24 August 1998

Open communication and strong leadership are the keys to managing organisational change successfully, according to a University of Queensland study.

Graduate School of Management head Professor Victor Callan and School of Psychology Professor and Academic Board president Cindy Gallois have been studying the impact of organisational change on worker identity for the past four years.

Theirs is one of the few academic teams working with Australian industry in this area - most research surrounding organisational change focuses on the stress caused by the process, rather than on ways of effectively communicating organisational change to workers.

Professor Gallois said that during times of organisational change, staff often felt pressured and threatened and fell back on ?safe' pre-change identities - ways of defining themselves within the particular organisation.

"These identities may be based on their profession, work status such as part-time or full-time, seniority or even gender. Such identities can hinder change by setting up rivalries within work groups in the new structure, distorting information flows and reducing the overall efficiency of the organisation," she said.

"Organisational change is facilitated when workers are encouraged by open communication processes and strong, enthusiastic leaders to develop new identities within a restructured work unit."

Professor Callan said the research showed that strong leaders who communicated change well were integral to creating a new identity within restructured work units. This communication could take the form of regular newsletters, emails or one-on-one briefings informing staff of the change process as well as rewards for and celebrations of achievements along the way, he said.

"The best leaders kept the excitement and the momentum of the change process going and worked hard to create a new common work unit identity. They also created an open communication environment," Professor Callan said.

Their initial study, funded by a three-year, Australian Research Council large grant, focused on the effects of organisational change (down-sizing and restructuring) on around 2500 Australian Army personnel. In this case, the full-time workforce had been cut significantly and replaced by part-time soldiers.

This year, Professor Callan and Gallois have embarked on a study of the effects of organisational change on staff at both the Princess Alexandra Hospital and the Queensland Department of Housing. This study is funded by a Strategic Partnerships with Industry - Research and Training (SPIRT) grant.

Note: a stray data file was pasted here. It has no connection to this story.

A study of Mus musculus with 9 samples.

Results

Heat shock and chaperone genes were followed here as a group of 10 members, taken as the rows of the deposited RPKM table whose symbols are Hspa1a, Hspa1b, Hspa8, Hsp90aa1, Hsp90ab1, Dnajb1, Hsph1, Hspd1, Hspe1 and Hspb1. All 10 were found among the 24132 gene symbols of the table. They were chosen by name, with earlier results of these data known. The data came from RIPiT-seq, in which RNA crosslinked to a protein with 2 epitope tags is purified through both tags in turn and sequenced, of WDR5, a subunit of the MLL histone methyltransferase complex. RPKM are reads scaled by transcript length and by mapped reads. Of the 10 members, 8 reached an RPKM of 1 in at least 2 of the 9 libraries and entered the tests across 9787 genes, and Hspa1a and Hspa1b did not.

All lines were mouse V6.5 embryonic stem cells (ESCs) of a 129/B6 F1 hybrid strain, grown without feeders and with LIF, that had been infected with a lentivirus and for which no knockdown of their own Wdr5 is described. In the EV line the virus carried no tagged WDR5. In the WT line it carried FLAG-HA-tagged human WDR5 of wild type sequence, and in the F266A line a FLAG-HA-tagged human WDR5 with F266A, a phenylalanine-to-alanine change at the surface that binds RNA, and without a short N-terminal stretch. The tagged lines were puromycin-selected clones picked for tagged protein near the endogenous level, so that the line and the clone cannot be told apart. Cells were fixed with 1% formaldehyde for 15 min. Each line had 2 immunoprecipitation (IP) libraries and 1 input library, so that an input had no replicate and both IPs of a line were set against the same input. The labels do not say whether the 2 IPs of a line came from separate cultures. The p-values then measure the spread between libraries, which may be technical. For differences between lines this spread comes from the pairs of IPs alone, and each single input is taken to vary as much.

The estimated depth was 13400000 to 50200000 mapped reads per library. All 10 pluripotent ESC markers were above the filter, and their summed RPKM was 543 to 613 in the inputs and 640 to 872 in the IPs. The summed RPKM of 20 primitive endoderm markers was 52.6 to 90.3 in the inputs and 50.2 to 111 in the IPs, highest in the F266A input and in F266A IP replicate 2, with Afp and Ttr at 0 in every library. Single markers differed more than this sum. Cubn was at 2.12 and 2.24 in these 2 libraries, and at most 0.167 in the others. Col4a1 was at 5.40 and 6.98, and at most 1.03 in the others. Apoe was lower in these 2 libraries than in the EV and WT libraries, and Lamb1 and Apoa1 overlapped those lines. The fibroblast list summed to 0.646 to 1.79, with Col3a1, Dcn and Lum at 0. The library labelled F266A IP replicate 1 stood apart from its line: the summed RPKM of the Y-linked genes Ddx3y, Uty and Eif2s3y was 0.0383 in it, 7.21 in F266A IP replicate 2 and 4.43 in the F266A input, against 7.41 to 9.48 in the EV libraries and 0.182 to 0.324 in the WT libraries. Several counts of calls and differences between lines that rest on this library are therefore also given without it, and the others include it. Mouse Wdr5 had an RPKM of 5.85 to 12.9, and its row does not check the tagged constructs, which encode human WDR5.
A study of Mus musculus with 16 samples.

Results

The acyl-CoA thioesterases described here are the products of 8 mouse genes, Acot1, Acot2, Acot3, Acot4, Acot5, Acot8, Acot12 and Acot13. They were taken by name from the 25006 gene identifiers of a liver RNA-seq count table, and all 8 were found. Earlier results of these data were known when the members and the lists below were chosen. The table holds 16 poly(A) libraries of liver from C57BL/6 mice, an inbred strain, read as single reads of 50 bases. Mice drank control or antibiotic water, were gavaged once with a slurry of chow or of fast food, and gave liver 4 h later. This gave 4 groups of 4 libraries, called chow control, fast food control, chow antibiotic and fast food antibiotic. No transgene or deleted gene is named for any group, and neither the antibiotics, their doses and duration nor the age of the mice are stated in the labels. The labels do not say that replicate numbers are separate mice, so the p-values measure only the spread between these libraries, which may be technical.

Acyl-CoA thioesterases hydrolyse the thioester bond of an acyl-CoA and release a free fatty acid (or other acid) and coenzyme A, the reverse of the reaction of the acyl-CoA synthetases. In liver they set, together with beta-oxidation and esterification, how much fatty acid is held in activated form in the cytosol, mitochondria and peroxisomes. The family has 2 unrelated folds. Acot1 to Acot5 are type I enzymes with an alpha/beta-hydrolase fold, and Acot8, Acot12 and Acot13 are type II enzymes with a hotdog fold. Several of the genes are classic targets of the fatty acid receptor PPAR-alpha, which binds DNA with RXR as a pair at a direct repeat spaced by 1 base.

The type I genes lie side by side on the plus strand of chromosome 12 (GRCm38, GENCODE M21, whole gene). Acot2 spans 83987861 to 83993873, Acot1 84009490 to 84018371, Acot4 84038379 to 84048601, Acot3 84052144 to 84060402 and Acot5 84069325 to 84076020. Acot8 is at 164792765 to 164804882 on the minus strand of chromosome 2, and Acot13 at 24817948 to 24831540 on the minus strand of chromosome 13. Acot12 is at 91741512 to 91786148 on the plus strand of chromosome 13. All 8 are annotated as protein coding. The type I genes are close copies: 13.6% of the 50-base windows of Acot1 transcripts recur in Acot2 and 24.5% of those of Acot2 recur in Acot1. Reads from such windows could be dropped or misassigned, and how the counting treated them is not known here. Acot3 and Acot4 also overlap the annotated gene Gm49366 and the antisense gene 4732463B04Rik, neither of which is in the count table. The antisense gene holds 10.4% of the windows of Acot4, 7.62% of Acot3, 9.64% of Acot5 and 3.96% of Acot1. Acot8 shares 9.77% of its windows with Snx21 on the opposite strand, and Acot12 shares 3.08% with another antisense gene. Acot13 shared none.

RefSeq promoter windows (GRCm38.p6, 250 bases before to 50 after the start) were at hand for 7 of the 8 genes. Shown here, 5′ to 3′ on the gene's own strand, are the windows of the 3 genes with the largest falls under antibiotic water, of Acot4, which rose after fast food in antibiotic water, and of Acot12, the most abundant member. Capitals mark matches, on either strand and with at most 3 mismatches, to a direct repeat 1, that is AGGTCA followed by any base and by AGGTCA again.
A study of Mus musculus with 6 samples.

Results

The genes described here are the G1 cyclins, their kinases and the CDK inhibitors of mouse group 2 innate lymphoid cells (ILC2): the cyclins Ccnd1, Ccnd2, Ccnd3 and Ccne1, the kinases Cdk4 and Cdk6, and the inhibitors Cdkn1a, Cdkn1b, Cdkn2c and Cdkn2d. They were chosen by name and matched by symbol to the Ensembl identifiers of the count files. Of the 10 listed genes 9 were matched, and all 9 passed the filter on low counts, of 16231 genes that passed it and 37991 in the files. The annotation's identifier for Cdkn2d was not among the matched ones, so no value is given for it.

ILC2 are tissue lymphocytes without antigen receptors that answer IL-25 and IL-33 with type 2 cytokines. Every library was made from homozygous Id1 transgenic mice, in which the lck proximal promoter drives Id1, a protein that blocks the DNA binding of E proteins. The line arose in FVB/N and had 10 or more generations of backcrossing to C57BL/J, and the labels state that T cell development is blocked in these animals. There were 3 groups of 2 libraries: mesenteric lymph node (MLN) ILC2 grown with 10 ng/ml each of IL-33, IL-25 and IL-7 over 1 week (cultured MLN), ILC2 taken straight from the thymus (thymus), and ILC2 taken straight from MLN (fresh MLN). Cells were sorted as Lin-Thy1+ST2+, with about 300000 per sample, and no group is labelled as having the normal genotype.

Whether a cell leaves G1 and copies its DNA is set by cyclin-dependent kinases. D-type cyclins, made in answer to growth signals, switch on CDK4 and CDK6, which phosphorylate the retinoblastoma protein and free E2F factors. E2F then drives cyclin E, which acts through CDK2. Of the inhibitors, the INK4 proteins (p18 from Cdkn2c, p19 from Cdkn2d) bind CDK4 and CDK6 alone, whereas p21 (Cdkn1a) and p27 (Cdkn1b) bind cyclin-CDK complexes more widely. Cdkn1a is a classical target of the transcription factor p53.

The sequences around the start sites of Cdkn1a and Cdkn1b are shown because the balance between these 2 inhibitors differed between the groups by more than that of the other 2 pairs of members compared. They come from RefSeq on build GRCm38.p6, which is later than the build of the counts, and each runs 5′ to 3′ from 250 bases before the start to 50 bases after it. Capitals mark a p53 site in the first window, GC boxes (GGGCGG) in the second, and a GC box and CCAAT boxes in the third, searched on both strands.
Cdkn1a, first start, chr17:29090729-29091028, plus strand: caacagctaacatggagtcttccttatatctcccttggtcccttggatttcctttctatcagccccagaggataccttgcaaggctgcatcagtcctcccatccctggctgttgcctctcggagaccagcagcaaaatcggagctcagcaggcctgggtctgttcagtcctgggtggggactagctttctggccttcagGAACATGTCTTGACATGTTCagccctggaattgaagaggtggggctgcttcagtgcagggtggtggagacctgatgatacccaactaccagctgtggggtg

Professor Callan said organisational change could involve restructuring work units into multidisciplinary teams or introducing new financial targets or technology.

"For example, hospital staff, once working in homogeneous professional groups, may be rearranged into small working units involving, say doctors, nurses and physiotherapists. Or one profession may take on activities traditionally performed by another," he said.

Their research attracted interest from Middle Eastern peace forces personnel during the recent International Communication Association conference in Israel, Professor Callan said.

"This is a prime example of past worker identities needing to change radically in order for organisational change to work. In that situation you have Israeli and Palestinian soldiers working side-by-side instead of against each other. Open communication and strong leadership is needed to assist the evolution of a new worker identity."

In conducting their studies, Professors Gallois and Callan interview staff to gauge identity issues and whether current communication methods about organisational change are perceived as effective. They then evaluate interventions intended to improve communication and enhance the new identities.

Professor Gallois said the studies showed that the higher the perception of communication effectiveness, the higher the job satisfaction, the lower the staff turnover and the higher the commitment level to the organisation.

"We found that worker identity was the key variable in the organisational change process. For change to be successful, identities must change too, which is facilitated by open communication," she said.

For more information, contact Professor Gallois (telephone 07 3365 1320) or Professor Callan (telephone 07 3365 6225).